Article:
I love thinking ahead to holiday reading. The books seem to pile up all fall with hopes that over vacation, I’ll find long periods of time to read and to catch up a bit. Sometimes I find the time and other times we are busy with traveling and family. When readers have extra time coming up, it is natural for us to think ahead to what we might read.
I find myself grabbing celebrity gossip magazines on vacation—a fun kind of reading I allow myself when I have some extra free time. It is during vacation days that I often have time to read the newspaper or to discover new children’s literature blogs while browsing the Internet. This year, I am hoping to catch up on a few longer books that friends have recommended to me.
I will share these plans with my students, and then help them think about their own reading before they check out materials and leave for break. I will tell them that some years, I have had company and could only fit in magazine reading, but that I make it a habit to stay up later reading at night to get in at least one book I’ve been hoping to read. I’ll let them know how much I love to read the paper or magazines at the kitchen table on the days that my mornings aren’t rushed.
I have always used upcoming vacations as an opportunity to invite my students to think ahead in their reading. Before summer, we spend lots of time thinking ahead to our summer reading. I ask my students informally what they might read over the holidays. I want to build this habit of looking forward to vacation reading in my students.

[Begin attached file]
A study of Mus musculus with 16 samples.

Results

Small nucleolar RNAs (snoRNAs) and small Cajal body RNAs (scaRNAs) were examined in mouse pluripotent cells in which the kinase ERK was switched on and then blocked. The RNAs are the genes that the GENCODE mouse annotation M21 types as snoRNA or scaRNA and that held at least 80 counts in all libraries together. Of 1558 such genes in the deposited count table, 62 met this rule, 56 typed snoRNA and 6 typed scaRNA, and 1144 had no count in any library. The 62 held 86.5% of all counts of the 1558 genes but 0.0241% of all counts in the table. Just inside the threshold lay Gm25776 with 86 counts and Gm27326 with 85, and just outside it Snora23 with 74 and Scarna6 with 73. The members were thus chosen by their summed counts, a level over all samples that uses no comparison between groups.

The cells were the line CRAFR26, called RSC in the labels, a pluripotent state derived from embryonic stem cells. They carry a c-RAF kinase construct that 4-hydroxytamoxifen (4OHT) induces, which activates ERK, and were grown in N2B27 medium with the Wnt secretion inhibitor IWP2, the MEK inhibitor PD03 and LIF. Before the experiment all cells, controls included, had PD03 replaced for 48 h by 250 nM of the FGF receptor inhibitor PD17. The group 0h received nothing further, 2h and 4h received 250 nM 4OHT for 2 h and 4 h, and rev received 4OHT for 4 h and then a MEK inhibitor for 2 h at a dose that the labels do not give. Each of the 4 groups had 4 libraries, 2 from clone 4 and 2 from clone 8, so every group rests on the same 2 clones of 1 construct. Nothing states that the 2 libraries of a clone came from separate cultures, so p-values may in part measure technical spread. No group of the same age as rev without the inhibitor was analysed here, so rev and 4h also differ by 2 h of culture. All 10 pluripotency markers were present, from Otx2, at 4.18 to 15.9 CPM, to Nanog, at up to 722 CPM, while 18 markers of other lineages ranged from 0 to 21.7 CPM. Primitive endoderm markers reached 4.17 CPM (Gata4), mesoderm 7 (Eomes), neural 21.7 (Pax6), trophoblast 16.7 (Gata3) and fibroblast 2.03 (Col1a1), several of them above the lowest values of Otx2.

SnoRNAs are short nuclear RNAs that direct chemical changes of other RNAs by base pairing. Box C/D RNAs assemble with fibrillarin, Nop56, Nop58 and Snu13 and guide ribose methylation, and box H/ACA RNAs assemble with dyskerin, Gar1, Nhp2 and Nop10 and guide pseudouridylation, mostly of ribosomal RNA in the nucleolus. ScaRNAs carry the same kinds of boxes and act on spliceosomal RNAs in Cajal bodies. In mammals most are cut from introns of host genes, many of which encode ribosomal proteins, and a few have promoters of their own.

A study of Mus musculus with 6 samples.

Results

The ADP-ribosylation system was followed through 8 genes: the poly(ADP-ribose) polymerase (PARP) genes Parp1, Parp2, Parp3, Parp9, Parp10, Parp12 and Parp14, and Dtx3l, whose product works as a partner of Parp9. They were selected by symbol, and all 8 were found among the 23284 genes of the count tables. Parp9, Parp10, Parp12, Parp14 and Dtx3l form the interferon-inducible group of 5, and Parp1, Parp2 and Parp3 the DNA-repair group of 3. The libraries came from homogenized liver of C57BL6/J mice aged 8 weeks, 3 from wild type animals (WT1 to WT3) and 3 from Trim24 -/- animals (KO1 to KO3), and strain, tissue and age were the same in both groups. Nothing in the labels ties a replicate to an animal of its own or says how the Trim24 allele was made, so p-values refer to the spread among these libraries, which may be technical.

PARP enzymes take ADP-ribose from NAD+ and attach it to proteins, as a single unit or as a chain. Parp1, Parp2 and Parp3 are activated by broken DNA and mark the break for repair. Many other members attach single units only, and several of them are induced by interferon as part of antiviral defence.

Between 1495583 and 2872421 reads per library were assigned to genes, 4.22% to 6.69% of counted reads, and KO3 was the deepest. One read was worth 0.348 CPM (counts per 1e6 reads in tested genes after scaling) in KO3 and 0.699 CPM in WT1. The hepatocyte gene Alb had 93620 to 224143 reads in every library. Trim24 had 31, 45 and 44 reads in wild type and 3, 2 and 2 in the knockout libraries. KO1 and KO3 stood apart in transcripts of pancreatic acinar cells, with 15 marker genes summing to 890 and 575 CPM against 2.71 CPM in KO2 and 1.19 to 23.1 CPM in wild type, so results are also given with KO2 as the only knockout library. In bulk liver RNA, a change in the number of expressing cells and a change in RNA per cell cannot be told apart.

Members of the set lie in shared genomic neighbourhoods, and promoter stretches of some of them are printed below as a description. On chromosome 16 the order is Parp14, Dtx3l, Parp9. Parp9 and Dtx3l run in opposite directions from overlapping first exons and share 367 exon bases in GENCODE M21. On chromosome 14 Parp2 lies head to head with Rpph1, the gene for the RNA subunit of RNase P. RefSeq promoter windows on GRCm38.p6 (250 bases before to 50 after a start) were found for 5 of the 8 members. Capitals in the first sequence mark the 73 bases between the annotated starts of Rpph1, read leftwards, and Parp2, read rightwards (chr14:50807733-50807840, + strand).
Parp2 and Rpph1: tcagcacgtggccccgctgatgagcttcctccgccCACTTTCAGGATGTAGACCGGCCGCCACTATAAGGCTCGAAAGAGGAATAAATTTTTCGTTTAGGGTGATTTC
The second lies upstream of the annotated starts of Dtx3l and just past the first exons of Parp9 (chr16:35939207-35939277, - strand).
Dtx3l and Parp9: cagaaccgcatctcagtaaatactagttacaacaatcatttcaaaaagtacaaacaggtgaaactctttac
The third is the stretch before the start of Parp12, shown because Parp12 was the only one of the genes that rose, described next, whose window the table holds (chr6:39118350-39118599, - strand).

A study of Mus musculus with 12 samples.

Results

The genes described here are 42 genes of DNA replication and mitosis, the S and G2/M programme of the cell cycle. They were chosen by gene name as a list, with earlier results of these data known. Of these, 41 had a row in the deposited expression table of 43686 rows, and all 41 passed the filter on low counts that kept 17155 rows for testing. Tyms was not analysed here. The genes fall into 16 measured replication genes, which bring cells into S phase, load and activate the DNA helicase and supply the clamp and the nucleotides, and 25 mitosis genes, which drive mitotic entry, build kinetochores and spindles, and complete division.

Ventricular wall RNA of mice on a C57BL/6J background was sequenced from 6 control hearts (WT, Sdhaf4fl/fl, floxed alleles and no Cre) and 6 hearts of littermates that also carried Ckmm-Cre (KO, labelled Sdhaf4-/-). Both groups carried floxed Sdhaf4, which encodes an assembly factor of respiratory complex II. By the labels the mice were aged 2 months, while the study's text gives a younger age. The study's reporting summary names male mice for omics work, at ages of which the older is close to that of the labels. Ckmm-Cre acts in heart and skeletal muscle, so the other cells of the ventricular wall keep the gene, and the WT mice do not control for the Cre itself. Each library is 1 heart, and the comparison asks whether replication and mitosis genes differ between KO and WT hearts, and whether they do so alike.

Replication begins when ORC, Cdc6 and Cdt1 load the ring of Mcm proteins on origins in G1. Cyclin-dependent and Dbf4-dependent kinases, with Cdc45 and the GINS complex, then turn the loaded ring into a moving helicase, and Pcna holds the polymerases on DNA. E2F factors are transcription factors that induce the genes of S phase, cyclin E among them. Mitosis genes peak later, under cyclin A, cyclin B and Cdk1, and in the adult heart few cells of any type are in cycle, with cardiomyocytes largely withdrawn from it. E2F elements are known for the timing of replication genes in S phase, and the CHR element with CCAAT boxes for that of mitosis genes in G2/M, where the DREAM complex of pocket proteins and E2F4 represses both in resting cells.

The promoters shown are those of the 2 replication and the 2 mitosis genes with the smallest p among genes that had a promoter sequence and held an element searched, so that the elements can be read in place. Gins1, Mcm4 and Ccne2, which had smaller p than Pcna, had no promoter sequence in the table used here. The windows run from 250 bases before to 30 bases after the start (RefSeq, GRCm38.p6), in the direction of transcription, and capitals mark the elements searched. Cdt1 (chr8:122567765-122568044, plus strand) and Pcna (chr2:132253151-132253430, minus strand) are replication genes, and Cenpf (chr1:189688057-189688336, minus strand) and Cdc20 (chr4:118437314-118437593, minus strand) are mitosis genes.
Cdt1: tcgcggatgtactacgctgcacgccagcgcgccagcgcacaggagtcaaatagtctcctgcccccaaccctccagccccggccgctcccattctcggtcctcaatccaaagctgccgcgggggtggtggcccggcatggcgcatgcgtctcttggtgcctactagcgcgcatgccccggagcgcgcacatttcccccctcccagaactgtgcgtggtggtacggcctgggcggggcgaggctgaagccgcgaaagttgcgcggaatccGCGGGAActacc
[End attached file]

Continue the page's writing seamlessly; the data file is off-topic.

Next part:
Helping Students Plan for Vacation Reading
When I was a librarian, I saw this time of year as an opportunity for all students to begin to think about vacation reading. People use the library to stock up on books before a long trip or when they’ll have a bit of extra time. I wanted my students to begin thinking ahead to how they might spend that time, and what types of books they might check out to meet their goals.
I created this organizer to help students think through what their vacation plans look like, and where reading might fit into those plans.
I wanted students to check out books and other reading materials for a variety of reasons. They might have extra time in the car or on a plane. They may have relaxing afternoons while parents are at work and the newness of the vacation is over. They may be visiting with younger relatives they want to read to or cousins they could read with. There are many possibilities, and I wanted students to begin to think about some of them this year. I also wanted to be sure to value the same variety in my students’ reading that I have in my vacation reading. I don’t want to limit their reading to books. Magazine reading, visiting Internet sites such as National Geographic for Kids, and other short texts are valued when we talk about our vacation plans.
I told them that I have more time to talk to my children about the books that they’ve been reading and to spend more time at bookstores and libraries, just browsing. I created a bulletin board outside the library where other adults in the building shared their plans for holiday vacation reading, letting the students know how other readers think ahead to their vacation reading.
I wanted to honor all family traditions during the winter break—some will be celebrating holidays, some will be going on vacations, and others will stay home because family is too far away. Framing it as extra time in the day was critical. How will you spend your days, and how will reading fit in? Some kids may not be planning on fitting reading into their vacation days, but planting the possibilities and thinking about what extra time means for a reader may get them thinking differently in the future.
Children need to have control of their reading lives and to think about who they are as readers, so make time for this kind of thinking. We talk about ourselves as readers, so vacation reading is a natural extension of those conversations.